Seasonal Streamflow Forecasts

Date: April–June 2019

  • Mostly low streamflows likely across Australia for April–June 2019.
  • Low flows observed at 72% of locations across Australia in March. Near-median and high flows mostly in northeastern, southeastern and southwestern regions.
  • The ENSO outlook remains at El Niño ALERT.

Streamflow forecast for April–June 2019

For April–June 2019, low streamflows are more likely at 82 locations, spread across Australia. Near-median and high flows are likely at 23 and 18 locations respectively, mainly in the east of the country. For this time of year, 71% of locations have low to very low model skill, while 8% of locations have high skill, mostly in the northern and southeast regions.

Forecasts have not been issued for 92 locations due to very low model skill or missing observed data. We suggest using the observed climatology for these locations.

Use the map below to zoom and pan to view the forecast locations. Zoom in to view pie chart tercile forecasts, and then click on a pie chart to go directly to the latest forecast.

Note: The locations on the map are either site-based forecasts or total catchment inflow forecasts. Site information provides details on which locations are site-based or total inflow forecasts. For more details about how the pie chart forecasts are displayed go to the Frequently Asked Questions.

Information video

Outlook video

  • Legend image demonstrating moderate to high skill

    Moderate to high skill

  • Legend image demonstrating low skill

    Low skill or missing climate data

  • Legend image demonstrating very low skill

    Very low skill or missing antecedent condition data

March 2019 catchment conditions

Low streamflows were recorded at 148 locations, across Australia. Near-median and high flows were recorded at 37 and 21 locations respectively—mostly in northeastern, southeastern and southwestern regions.

March rainfall was below to very much below average for much of Victoria, southern and western South Australia, along the eastern border of Western Australia and the northern Kimberley, the west and north of the Northern Territory, and pockets along the west coast of Western Australia, and the northern and eastern coast of Tasmania. Rainfall was above to very much above average from the east of the Northern Territory extending into most of Queensland and adjacent parts of northeastern South Australia. Rainfall was also above average for areas of eastern New South Wales and adjacent northeastern Victoria, much of the Pilbara in Western Australia, and areas of the Goldfields and southwest of Western Australia.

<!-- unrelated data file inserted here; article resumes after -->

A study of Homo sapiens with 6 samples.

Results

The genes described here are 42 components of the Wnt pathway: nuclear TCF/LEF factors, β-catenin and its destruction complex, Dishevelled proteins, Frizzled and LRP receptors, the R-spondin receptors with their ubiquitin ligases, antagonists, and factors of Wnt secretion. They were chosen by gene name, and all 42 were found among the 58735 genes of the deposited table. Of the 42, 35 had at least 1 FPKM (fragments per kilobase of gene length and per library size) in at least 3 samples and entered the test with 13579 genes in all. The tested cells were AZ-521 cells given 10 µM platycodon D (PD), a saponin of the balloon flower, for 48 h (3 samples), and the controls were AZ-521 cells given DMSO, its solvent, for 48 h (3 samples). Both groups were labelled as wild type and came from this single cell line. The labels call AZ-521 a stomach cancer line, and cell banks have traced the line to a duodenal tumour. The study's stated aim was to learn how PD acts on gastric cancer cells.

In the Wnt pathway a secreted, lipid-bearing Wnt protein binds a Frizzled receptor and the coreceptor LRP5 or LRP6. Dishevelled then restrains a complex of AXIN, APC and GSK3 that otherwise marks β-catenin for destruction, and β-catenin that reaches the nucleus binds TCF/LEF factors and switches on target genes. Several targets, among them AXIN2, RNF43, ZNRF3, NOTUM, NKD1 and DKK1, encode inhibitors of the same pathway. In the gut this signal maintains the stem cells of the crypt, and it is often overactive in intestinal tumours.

Above-average actual evapotranspiration (AET) occurred in central Queensland and along the coast of central Queensland due to the availability of moisture after rainfall over the past few months. Below-average AET occurred across most of the country, where modelled lower-layer soil moisture (10–100cm) is below to very much below average.

For more details on March rainfall across Australia, read our monthly Climate Summary and Drought Statement. For more information on March soil moisture and evapotranspiration across Australia, access the Australian Landscape Water Balance site.

Climate influences

The Bureau's ENSO Outlook remains at El Niño ALERT, meaning there is approximately a 70% chance of El Niño developing in 2019. Most international climate models predict tropical Pacific Ocean sea surface temperatures will remain at El Niño levels at least to mid-year. This would increase the likelihood of the tropical Pacific atmosphere and ocean reinforcing each other, and developing into a full El Niño, with the resultant changes in Australian and global weather patterns. Predictions made at this time of year have lower accuracy than those made in winter or spring and should be used with some caution.

El Niño often, but not always, brings below average autumn and winter rainfall to southern and eastern Australia.

The Indian Ocean Dipole (IOD) is neutral. The IOD typically has little influence on Australian climate from December to April.

Get the latest El Niño update in our fortnightly ENSO Wrap-Up. Find out about likely seasonal rainfall conditions in our current Rainfall outlook. For a range of other detailed information on Australia's climate go to Climate Information.

7–day streamflow forecasting service

The Bureau also delivers 7-day streamflow forecasts for more than 160 sites around Australia.

Combining near real-time rainfall and streamflow observations with rainfall forecasts, we calculate how much runoff is likely, and flow of this water down the stream network. A forecast is generated for each of the next seven days. Access the 7-day streamflow forecasts.